November 16, 2012 6:50 pm

Human cost of Spain’s financial disaster


Diana and José Escubero are not sure where they and their two young children will be living in a few months time.

Since Mr Escubero lost his job in a factory producing animal feed, they have been struggling to meet their mortgage repayments of €1,000 a month. They are coming to the end of their life savings.

If they don’t find a way to pay, their bank will seize their Madrid apartment, and the couple will join the 350,000 Spaniards evicted from their properties over the past four years.

For the past three weeks, Ms Escubero’s father and her husband have been camping outside the headquarters of Bankia, their lender – now nationalised – demanding that the bank cancels the debt. To stave off eviction, the couple moved back in with Ms Escubero’s parents to save money.

“We will do whatever it takes not to lose the flat,” she said, “even it means going on hunger strike.”

In the past month two homeowners have killed themselves rather than face the catastrophe of eviction. Amaya Egaña, a 53-year-old former councillor in the Basque Country, threw herself from a balcony as officials arrived to seize her apartment.

With the country scandalised, Spain’s banks agreed this week to delay repossessions for those deemed socially vulnerable, with the government of Mariano Rajoy proposing a law to suspend for two years evictions of people with young children, the disabled, and the long-term unemployed.

The Escuberos’ situation is being played out across Spain, as families are forced to support jobless relatives with housing, food or by making payments to stave off defaulting on their mortgages.

“If it were not for the support of families, the situation would be much worse,” said Juan Ignacio Sanz, a professor at the Esade business school. “In many cases grandparents are now the ones who are paying their children’s mortgages with their state pensions. I don’t know how long that can be sustained.”

Candela Logrosan, 56, receives food parcels from the church because she is on a low wage, but because her Madrid apartment is subsidised by the state, she gives away the food to her neighbours. They call it “Candela’s café”.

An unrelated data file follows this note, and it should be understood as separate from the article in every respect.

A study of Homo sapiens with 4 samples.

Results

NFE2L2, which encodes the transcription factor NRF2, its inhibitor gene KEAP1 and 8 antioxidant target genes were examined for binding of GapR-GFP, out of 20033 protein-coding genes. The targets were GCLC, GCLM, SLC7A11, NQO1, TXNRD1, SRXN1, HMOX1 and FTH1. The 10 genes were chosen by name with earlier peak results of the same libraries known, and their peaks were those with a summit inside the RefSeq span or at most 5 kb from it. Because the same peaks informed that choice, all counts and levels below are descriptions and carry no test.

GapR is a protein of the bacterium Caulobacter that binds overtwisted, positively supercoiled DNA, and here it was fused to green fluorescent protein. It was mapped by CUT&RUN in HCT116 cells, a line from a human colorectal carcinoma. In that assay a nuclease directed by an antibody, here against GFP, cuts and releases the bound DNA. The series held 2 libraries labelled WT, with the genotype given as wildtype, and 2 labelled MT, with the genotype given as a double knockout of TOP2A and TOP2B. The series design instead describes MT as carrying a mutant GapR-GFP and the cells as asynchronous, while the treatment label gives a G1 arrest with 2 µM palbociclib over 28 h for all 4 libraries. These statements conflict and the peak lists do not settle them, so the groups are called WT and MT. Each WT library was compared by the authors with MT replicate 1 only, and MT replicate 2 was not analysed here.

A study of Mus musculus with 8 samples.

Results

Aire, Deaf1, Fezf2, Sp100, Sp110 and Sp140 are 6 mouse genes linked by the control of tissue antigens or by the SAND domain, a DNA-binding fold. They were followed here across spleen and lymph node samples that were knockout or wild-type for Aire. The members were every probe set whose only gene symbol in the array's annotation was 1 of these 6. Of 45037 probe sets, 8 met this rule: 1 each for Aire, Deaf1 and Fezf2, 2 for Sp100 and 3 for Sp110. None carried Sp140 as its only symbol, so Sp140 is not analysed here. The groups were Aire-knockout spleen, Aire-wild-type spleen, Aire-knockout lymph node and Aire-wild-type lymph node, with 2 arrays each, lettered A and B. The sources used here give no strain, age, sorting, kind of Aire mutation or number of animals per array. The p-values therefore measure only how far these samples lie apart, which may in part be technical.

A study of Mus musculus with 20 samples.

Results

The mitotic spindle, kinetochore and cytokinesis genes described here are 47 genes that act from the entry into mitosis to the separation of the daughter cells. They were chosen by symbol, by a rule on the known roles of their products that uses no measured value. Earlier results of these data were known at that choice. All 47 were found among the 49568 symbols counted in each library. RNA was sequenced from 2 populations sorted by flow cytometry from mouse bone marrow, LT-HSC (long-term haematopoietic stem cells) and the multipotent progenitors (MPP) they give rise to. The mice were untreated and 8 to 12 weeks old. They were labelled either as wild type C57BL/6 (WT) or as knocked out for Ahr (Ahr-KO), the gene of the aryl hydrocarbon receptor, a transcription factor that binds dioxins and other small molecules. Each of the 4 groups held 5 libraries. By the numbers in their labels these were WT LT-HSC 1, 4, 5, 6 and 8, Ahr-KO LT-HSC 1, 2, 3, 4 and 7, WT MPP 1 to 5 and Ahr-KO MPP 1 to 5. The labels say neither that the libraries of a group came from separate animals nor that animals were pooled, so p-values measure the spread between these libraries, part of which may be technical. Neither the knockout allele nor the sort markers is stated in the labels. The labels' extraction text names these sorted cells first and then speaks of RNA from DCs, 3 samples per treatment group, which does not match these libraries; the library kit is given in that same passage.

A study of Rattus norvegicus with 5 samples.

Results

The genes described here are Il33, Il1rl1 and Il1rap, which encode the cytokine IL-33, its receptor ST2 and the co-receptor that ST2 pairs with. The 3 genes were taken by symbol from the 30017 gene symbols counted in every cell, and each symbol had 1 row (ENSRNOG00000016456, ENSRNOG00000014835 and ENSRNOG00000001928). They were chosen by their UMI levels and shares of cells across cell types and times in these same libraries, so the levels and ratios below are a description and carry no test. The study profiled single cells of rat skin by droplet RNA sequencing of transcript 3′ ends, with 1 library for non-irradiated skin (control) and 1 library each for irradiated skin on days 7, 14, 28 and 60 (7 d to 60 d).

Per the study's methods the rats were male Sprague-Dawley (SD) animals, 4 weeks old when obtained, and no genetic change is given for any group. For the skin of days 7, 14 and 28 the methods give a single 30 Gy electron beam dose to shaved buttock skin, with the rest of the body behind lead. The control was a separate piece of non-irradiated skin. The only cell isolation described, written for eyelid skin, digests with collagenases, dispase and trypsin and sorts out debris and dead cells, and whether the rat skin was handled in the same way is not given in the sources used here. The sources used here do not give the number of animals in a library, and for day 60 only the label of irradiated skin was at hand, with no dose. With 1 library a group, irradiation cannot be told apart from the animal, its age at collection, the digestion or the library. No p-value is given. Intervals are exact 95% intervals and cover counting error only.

“The little I have, I give,” said Ms Logrosan, who earns €400 a month cleaning offices but enjoys a very low rent of €138 a month.

Silvia Rodríguez, a Madrid-based sociologist, argues that Spain’s tightly knit family culture, and the social support networks it provides, is linked to a collective memory of harder times during the civil war of the 1930s – and to the traditions of the Roman Catholic church.

“In Spain there are certain moral values that have always been of the utmost importance, particularly when it comes to family, family support, and your friends and neighbours,” she said.

As a result, a comparatively low level of people are defaulting on their mortgages.

Although Spain suffers almost 26 per cent unemployment, and residential property prices have tumbled by more than a quarter in many areas, the level of mortgages in default stands at only 3.1 per cent of the total, according to the Bank of Spain.

There is another reason, bankers say: the country’s draconian mortgage law, which forces families to go to extreme lengths to avoid a relative succumbing to a default.

Under the 109-year-old law, returning the keys of your property to the bank does not rid you of your debt. A bank can seize a home for 60 per cent of its appraised value and then pursue the owner for the outstanding sum, including interest and legal fees – leaving those unable to pay both homeless and in debt for life.

In many cases, during the decade-long property bubble, Spaniards and immigrants were lent amounts they would never plausibly be able to repay, often by crippled banks that have since fallen into the hands of the state. These people now face financial ruin.

Maria Moran Sanchez, 45, bought her apartment in 2006 with her sister, borrowing €290,000 on a monthly income of €1,200 as a telecoms worker. Her sister earned €700 a month as a helper to the elderly.

When Ms Sanchez lost her job two years ago, they were unable to keep up their repayments and were evicted – but left with a debt of more than €180,000. Now living in a friend’s house, Ms Sanchez says this, too, is now at risk of repossession.

“It makes me especially sad seeing people who have committed suicide because of evictions,” she said. “But I am a realist, I have to continue looking forward. I can’t look back into the past. I will continue to fight so that they cancel my debt.”